Consulting to Pay for Long-Term Travel
My career break to travel wasn’t planned, but once started, it lasted two years and took me to 16 countries across four continents. I’m not independently wealthy, nor have some secret to blogging success that others haven’t figured out. Instead, I used 10 years of professional experience to sell myself into short-term consulting gigs during an economic downturn and pay for long-term trips to India, Southeast Asia, the Middle East, and Europe.
My first big trip developed because I needed a life break as the result of a divorce. I decided to leave, among other things, my excellent post-MBA job and take some time off to travel to India. When I returned a few months later to a very cold Midwest winter, the only answer I had to the endless “what now?” questions was “All I want to do is travel again.” Where? Egypt. How long? As long as I can.
Initially, the hardest question for this security-minded Midwesterner was, “how do I pay for it?” Consulting proved to be the answer. This article contains a few tips I learned along the way to help those considering a career break to travel understand how to use consulting as a way to pay for it.
Believe in Yourself
Believe that you can do it – traveling for as long as you want AND paying for it. There may be a fear that no one will hire you if you’re a traveler or have a flight plan. This fear is extraneous for educated professionals with years of experience – most have sellable skills and wide networks ready to mine for consulting opportunities.
In winter 2009 – when the Dow Index started with a “6” – I believed I could find a job to pay for my next big trip and strove to do so. Several recruiters called for lucrative positions in Arkansas and Texas, promising full-time, permanent employment in “this economy.” But I politely declined their offers, believing I was meant to travel.
Showcase the Skills You Can Sell
As a consultant, thy name is the brand and thy resume, portfolio, and interviews the marketing. Potential clients want to know that you can step in with a professional demeanor, take charge when the way is unclear, and deliver effectively to the short and longer-term project goals. In addition to technical skills or an industrial focus, a consultant’s resume is succinct and showcases leadership and results.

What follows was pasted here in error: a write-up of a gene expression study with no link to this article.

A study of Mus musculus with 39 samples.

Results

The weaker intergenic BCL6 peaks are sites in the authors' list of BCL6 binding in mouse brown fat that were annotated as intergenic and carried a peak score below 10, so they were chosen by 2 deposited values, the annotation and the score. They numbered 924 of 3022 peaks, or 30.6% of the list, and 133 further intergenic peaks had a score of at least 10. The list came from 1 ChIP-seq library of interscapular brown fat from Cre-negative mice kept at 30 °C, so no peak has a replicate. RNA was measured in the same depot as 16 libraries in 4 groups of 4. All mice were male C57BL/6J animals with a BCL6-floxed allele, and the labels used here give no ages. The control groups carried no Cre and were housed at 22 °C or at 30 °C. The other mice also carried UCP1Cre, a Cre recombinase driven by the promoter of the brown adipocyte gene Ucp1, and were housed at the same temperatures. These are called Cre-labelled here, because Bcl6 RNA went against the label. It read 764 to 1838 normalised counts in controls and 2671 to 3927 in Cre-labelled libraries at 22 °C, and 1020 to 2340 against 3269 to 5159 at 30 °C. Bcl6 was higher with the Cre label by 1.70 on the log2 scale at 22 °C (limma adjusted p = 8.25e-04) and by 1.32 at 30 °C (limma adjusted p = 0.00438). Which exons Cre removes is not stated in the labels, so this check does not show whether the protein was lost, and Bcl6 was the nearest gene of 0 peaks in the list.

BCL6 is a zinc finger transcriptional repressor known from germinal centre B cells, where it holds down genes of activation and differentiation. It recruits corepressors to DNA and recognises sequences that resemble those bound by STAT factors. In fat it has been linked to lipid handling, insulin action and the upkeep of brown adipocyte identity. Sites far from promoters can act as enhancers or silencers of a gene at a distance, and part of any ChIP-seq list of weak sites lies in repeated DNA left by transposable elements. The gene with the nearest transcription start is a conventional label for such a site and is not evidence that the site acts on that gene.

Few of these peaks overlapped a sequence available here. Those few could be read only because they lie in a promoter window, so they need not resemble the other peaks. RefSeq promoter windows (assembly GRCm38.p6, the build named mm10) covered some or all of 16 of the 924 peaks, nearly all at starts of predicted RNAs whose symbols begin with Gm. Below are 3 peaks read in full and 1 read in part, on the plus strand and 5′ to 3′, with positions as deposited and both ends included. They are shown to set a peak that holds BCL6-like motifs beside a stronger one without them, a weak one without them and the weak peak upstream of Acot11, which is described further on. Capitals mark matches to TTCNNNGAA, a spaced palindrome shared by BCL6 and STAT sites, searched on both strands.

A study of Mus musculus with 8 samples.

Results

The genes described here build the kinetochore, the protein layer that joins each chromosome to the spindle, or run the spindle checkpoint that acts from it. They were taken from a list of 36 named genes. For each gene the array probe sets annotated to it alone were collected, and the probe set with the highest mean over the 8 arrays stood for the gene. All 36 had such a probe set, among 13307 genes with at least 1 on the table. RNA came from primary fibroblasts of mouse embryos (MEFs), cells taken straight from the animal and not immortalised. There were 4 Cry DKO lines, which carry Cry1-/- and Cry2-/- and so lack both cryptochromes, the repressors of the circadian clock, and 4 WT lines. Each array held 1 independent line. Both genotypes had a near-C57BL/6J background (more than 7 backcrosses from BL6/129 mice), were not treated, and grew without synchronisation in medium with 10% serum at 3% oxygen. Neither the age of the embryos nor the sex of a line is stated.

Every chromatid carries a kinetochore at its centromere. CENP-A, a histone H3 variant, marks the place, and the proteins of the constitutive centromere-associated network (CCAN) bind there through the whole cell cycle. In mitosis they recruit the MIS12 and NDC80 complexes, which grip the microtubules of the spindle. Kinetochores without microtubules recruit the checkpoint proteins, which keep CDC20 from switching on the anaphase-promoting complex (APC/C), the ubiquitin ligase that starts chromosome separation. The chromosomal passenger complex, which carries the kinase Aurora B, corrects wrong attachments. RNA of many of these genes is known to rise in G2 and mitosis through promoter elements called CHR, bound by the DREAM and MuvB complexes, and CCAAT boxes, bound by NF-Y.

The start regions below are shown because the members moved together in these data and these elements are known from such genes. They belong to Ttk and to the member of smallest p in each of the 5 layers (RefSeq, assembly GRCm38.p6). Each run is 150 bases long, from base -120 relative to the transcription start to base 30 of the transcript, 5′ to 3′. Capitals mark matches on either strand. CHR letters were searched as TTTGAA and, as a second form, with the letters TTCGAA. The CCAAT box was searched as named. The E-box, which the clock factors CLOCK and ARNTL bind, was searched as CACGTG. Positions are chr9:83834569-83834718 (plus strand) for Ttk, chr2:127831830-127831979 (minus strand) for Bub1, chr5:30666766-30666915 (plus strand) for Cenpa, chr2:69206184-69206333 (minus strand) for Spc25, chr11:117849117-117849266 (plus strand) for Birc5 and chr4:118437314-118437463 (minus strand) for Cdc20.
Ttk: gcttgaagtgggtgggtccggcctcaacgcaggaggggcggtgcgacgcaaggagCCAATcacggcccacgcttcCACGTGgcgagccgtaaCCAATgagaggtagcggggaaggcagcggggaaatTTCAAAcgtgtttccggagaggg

My resume always includes a summary to hit the technical and industry experience and then shows actual results as evidence of my experience and expertise. In interviews, my stories elaborate on the results delivered and skills needed following a succinct STAR format: Situation, Tasks, Actions, and Results. My portfolio has a few key examples that illustrate my most successful or applicable projects. Even if there wasn’t a fit, agencies and recruiters were happy to connect me with other opportunities because I showcased well.
Consulting jobs are typically by word of mouth or through staffing agencies. I did not know this when I first started, so I applied for full-time jobs where I had the skills and experience. After getting an HR recruiter or hiring manager on the phone, I listened to their needs. Then, I would explain what I was looking for: a consulting or contract position and could step in immediately on their projects. Then, I’d shape the conversation to tell them what I could do for them in the immediate future. My creativity paid off during the depressed economy when companies had work, but little desire to add overhead.
Honestly, Ask for What You Want
When there’s a good job available that doesn’t meet your exact needs on travel timing or budget, it’s easy to acquiesce or stay silent in fear that something else may not come along. This is a false belief. Recruiters and interviewers will ask, “What do you want?” Stating that you’re looking for a short-term consulting position in your area of expertise to help you travel long-term is okay and honest. No one reacted negatively when I shared my plans. In fact, the travel aspect was attractive and made me more memorable as a candidate. Staying true to your desires in the details is important too. Ask for what you want in pay, location, expenses, and timing. Overall, remember that you are meant to travel and believe, “this or something better” when looking at offers.
By reading this article and reviewing this web site, you’re already on the path to long-term travel. Realizing that you can use the professional skills you’ve spent your career developing to pay for your travel dreams is the next step. Good luck!